Who we are
The Clatsop County Sheriff's Office is happy to introduce our newest division! The Medical Examiner Division manages all aspects of the Clatsop County death investigation system in conjunction with national and state guidelines. We certify the cause and manner of deaths requiring investigation by state law (Oregon Revised Statutes, Chapter 146).
These investigations include sudden, unexpected, and unnatural deaths within the county. This may include postmortem examinations and toxicology analyses for drugs and alcohol. We work closely with the families of the deceased and other members of the community to provide timely, accurate, and empathetic investigations. Our division also maintains county records and provides lectures and trainings on death investigations to local law enforcement agencies, schools, attorneys, physicians, and others associated with death investigations.
Clatsop County Sheriff's Office Medical Examiner Division consists of one full time Medicolegal Death Investigator and one part time Medicolegal Death Investigator.
What we do
We are required to investigate the following deaths, including but not limited to:
- Suspicious or unknown circumstances
- Homicide or suicide
- Accidents or injuries
- Unlawful use of controlled substances, or the use of a chemical or toxic substance
- Persons who die unexpectedly in good health, while not under the care of a physician immediately before death (such as at home)
- Those that happen while incarcerated in jail or prison, or in police custody
- Contagious diseases that may pose a public health threat
- On-the-job activities
During an investigation, a deputy medical examiner may respond to the scene, interview witnesses, take photographs, obtain evidence and property and assist with notifying next of kin.
After a cause of death has been determined, a death certificate is registered with state vital records. Certified copies may be ordered through the funeral service or click here for Clatsop County Vital Records.
Note: It may take 8-10 weeks or longer to get a death certificate if the exact cause and manner of death cannot be immediately determined. Special laboratory tests or further investigation may be necessary.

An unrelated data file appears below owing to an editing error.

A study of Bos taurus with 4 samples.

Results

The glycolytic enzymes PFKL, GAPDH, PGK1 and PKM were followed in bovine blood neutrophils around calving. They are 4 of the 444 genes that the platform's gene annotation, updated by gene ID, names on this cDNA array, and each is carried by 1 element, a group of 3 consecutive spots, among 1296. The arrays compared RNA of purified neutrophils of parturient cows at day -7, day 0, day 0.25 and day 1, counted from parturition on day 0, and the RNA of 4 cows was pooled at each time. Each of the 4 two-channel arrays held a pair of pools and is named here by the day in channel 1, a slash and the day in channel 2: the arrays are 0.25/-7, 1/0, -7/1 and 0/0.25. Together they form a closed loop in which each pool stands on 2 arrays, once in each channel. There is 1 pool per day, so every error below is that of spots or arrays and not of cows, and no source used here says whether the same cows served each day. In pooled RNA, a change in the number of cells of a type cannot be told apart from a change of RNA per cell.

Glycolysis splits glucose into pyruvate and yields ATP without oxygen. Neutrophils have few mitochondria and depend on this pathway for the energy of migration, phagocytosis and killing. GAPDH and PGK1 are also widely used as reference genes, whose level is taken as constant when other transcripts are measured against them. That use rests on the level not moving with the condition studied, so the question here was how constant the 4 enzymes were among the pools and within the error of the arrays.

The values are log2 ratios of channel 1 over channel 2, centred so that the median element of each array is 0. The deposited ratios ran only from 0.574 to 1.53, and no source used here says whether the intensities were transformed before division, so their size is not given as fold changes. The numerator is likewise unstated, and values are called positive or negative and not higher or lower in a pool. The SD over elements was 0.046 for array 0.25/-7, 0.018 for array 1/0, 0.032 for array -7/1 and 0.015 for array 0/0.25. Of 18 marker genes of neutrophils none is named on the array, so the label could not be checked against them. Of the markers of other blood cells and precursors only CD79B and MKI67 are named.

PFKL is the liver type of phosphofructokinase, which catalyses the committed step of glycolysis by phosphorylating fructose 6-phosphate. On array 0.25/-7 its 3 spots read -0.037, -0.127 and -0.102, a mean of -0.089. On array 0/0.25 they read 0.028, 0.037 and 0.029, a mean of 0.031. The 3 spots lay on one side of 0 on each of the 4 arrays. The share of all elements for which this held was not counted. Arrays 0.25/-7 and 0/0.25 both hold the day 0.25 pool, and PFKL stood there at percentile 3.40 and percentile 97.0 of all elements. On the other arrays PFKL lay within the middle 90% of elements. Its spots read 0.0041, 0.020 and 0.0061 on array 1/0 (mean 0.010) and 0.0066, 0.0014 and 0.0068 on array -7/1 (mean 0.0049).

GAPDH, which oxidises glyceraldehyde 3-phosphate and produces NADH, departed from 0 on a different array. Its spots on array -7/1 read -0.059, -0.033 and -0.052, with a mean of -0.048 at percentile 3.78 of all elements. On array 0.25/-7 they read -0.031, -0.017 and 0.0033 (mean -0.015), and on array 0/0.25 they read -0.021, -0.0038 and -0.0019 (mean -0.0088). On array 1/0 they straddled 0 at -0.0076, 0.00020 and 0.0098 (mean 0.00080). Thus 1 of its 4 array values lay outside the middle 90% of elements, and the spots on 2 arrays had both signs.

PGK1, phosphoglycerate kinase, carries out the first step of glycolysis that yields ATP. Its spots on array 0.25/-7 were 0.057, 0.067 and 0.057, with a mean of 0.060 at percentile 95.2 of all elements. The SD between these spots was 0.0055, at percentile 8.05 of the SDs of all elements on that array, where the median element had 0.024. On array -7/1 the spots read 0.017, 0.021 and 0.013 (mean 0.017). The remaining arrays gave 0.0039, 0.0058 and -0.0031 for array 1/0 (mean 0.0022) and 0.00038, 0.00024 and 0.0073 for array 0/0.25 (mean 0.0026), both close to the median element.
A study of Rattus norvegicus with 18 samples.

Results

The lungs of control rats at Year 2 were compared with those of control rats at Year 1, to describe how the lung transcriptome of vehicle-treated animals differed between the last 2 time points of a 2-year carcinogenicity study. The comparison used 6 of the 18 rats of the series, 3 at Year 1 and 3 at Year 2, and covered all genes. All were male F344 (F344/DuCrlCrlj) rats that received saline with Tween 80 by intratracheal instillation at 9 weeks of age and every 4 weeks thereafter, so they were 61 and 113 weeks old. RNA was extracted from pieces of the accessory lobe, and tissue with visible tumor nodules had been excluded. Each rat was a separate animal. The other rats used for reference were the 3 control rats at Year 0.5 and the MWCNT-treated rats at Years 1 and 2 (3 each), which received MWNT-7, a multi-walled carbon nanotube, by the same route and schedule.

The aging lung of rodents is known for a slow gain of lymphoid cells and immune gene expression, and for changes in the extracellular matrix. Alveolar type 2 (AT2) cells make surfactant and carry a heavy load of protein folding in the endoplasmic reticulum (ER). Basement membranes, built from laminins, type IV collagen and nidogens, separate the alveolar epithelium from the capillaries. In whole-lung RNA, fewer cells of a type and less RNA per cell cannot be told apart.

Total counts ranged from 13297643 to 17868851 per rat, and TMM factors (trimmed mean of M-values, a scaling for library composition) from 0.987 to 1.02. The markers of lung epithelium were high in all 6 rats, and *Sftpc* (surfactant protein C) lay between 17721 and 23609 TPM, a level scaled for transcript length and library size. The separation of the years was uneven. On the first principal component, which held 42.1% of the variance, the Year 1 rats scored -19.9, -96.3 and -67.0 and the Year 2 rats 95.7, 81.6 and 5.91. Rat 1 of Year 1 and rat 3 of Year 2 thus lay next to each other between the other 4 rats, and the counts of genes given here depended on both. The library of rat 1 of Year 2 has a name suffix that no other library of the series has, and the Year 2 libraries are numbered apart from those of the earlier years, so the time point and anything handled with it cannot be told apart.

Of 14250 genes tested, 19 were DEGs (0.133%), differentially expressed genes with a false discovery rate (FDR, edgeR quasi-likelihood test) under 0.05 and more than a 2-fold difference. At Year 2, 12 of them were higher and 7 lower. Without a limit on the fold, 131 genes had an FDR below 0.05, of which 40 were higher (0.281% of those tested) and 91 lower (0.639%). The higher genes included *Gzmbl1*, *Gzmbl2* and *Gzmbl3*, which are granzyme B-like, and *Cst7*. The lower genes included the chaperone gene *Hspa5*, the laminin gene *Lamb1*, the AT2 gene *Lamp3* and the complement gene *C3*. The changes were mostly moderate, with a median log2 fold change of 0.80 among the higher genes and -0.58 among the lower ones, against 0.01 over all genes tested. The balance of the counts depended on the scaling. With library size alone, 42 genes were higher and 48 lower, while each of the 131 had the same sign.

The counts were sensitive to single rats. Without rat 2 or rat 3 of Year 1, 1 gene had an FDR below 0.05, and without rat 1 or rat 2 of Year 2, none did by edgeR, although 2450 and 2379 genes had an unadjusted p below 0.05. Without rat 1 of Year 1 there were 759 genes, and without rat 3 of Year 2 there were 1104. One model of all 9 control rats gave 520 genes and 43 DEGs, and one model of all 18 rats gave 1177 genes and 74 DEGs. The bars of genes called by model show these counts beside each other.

There is no fee for the investigation. Occasionally transportation is needed to get the body to the Medical Examiner's Office. This cost is passed on to the designated funeral home/cremation service.
Report the Death
Contact law enforcement at Clatsop County's non-emergency number, 503-325-2061 and press 1 for dispatch. They will have an officer or deputy come out and make a report to the Medical Examiner.
Make Final Arrangements
- Select a funeral home or cremation service. Then contact the Medical Examiner's Office and tell us which one you've selected.
- Funeral directors can help you make all the arrangements for final disposition of the deceased, including getting the death certificate.
- We are unable to recommend a funeral service.
Pick up Personal Property
The legal next of kin or funeral home may pick up personal property that is not being held as evidence from the Medical Examiner's Office, Monday through Friday, 9:00am -4:00pm. You will need to contact us ahead of time to make arrangements.
An autopsy will be performed when:
- There is a need to establish or confirm a cause and manner of death in order to issue a death certificate.
- There is a case involving a criminal or suspected criminal wrongdoing.
- It is considered to be prudent, at the state medical examiner's discretion.
Do I have to consent to an examination or autopsy?
Your desires will always be considered, however, the state medical examiner makes the final decision regarding which examination procedures are necessary.
Can I view the body?
The Medical Examiner's Office is not designed to accommodate viewing. Arrangements can be made at the funeral home for viewing.
Can the deceased be an anatomical donor?
In most cases, yes. The medical examiner will authorize anatomical gifts whenever possible, although certain cases may preclude donations.